The public is invited to visit the Miami Public Library Thursday evening and “talk about it.”
“Let's Talk About It, Oklahoma” is a reading and discussion series about “The Oklahoma Experience: Re-visions” and is designed to celebrate the Oklahoma centennial.
Four books and a memoir will be discussed every other Thursday evening until Nov. 29.
The opening novel, “Pushing the Bear” by Diane Glancy, recreates the Cherokee experience of the “Trail of Tears.”
John Coward of the University of Tulsa will open Thursday's program.
This is the first opportunity that Marcia Johnson, the head librarian at the Miami Public Library, has had to participate in a “Let's Talk About It” program.
“I'm really excited about it,” she said. “I'm looking forward to the discussions we will have.
“We've already had a page filled with people reading the books and getting ready for the programs.”
The other books include “Fire in Beulah” by Rilla Askew under discussion on Oct. 18. Kay Meyers of Oral Roberts University will open the program.
“Rilla Askew herself recently gave a program here at the Miami Public Library,” Johnson said. “Everyone seemed very impressed with her work.”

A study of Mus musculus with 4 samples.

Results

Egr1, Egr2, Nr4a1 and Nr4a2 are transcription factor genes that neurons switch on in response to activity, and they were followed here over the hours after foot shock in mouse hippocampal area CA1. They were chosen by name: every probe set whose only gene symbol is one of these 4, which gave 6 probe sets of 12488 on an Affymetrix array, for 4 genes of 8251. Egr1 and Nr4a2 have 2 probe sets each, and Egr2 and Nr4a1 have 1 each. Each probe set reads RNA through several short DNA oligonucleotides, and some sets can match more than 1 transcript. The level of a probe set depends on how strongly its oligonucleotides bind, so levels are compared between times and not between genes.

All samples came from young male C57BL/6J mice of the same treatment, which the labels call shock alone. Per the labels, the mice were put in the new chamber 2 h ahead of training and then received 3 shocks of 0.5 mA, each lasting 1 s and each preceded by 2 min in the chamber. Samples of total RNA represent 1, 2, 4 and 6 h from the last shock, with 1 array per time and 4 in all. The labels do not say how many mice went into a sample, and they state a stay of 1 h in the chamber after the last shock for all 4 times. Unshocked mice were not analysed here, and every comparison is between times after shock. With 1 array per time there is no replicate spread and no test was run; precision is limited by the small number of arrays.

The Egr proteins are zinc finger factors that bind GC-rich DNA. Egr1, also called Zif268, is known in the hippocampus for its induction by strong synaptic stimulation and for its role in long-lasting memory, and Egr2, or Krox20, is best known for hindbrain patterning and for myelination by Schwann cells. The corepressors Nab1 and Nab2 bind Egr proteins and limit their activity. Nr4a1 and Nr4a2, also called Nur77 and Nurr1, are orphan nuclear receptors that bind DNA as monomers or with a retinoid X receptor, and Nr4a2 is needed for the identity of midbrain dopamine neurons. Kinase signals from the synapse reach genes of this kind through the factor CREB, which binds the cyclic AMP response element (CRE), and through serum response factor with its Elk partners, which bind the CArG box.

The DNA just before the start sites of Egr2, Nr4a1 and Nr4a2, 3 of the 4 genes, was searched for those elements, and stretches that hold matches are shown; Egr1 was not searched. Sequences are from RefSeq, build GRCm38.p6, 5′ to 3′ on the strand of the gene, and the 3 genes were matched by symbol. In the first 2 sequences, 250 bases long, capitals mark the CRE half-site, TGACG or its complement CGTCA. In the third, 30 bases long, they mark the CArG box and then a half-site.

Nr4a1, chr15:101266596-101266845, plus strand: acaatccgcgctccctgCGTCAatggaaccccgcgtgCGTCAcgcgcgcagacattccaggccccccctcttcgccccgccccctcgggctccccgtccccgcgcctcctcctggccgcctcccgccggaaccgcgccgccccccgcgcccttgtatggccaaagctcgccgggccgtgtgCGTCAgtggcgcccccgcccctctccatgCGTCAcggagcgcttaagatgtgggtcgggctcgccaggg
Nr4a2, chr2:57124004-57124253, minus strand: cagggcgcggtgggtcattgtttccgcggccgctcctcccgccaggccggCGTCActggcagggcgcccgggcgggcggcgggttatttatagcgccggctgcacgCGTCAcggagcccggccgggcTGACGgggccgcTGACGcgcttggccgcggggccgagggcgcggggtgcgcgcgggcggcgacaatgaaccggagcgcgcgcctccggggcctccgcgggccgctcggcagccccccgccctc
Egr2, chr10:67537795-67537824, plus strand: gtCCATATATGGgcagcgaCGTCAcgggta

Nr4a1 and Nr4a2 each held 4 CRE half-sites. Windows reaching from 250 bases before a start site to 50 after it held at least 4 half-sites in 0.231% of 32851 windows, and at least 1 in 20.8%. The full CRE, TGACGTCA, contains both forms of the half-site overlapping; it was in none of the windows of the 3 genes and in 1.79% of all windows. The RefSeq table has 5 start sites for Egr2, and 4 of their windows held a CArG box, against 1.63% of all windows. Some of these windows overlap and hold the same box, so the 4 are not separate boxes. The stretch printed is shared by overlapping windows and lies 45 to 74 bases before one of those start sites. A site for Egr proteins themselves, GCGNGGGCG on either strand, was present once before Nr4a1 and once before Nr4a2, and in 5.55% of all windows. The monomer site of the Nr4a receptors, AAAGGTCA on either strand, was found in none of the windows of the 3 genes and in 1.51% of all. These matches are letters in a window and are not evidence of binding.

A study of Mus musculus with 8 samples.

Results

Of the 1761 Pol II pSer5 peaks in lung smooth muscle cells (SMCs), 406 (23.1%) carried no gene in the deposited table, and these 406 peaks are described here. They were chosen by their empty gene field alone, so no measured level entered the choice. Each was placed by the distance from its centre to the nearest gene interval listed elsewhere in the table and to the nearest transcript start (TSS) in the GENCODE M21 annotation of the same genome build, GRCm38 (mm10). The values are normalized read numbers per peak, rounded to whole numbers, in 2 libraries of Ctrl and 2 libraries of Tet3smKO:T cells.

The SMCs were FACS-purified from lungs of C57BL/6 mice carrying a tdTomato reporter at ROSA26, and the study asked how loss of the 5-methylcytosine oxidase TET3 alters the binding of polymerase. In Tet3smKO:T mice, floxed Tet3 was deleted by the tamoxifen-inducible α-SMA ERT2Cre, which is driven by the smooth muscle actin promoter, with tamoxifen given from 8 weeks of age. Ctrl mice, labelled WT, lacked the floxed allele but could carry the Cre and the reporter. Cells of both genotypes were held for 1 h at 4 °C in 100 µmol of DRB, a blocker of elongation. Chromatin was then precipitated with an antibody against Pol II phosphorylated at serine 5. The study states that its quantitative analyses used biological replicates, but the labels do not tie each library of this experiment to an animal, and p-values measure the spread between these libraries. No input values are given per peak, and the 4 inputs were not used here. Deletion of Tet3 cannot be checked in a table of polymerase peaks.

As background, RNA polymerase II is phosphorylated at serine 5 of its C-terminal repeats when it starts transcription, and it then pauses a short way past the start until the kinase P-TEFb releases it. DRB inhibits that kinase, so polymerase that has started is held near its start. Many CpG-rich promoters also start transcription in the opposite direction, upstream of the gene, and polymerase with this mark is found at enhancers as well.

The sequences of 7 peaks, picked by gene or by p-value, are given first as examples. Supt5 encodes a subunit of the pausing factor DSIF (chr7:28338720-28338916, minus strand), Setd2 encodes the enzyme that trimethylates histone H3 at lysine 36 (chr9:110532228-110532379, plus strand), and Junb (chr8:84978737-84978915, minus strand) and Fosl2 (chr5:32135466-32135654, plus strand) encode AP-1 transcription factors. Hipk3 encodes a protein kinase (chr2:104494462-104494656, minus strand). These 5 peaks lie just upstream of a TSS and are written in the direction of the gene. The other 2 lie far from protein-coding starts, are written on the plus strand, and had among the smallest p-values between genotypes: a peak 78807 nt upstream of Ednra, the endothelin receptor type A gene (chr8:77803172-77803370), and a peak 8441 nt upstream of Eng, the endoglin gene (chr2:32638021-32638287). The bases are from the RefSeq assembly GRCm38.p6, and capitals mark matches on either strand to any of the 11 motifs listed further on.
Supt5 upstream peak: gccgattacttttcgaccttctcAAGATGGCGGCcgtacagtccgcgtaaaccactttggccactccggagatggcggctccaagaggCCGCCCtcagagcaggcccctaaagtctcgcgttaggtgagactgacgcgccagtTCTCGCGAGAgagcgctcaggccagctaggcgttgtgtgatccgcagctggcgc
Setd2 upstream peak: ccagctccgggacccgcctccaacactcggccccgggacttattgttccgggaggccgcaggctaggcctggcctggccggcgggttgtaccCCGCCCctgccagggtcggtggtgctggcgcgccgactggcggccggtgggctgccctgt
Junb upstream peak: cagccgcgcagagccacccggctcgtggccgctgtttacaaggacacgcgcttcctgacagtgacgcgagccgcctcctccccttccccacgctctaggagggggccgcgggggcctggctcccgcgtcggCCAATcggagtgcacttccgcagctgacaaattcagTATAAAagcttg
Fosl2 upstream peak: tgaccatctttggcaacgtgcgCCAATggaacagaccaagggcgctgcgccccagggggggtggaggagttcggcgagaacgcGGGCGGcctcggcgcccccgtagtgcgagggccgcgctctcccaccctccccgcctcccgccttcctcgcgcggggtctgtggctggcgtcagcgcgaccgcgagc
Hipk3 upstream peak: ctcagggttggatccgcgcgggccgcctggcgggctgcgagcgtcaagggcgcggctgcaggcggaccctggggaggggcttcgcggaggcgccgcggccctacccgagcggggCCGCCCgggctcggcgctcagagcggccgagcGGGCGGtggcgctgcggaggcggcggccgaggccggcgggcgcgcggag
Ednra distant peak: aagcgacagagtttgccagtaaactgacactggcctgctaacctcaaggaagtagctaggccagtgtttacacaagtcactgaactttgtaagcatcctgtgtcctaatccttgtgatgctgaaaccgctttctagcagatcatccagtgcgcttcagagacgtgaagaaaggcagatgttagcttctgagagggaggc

The following book will be “Red Dirt, Growing Up Okie,” a memoir and coming-of-age story by Roxanne Dunbar-Ortiz.
Dr. Bill Corbett of Northeastern State University will lead the program on Nov. 1.
The book, “Shell Shaker” by LeAnn Howe, tells the story of betrayal and murder in Choctaw country.
Its program will be Nov. 15 and led by Dr. Andrew Vassar of Northeastern State University.
The final program is on “The Honk and Holler Opening Soon” by Billie Letts.
Gloria Dialectic will lead the program on Nov. 29.
The books are available for all of the programs at the Miami Public Library and it is suggested that they be read in advance.
For more information, call the Miami Public Library or Johnson at 541-2292.
The books and other materials for the programs are provided by the “Let's Talk About It, Oklahoma” project of the Oklahoma Humanities Council, with additional support from the Inasmuch Foundation.
Funding for the series is provided by a grant of the Miami Public Library for the Oklahoma Humanities Council and the National Endowment of the Humanities.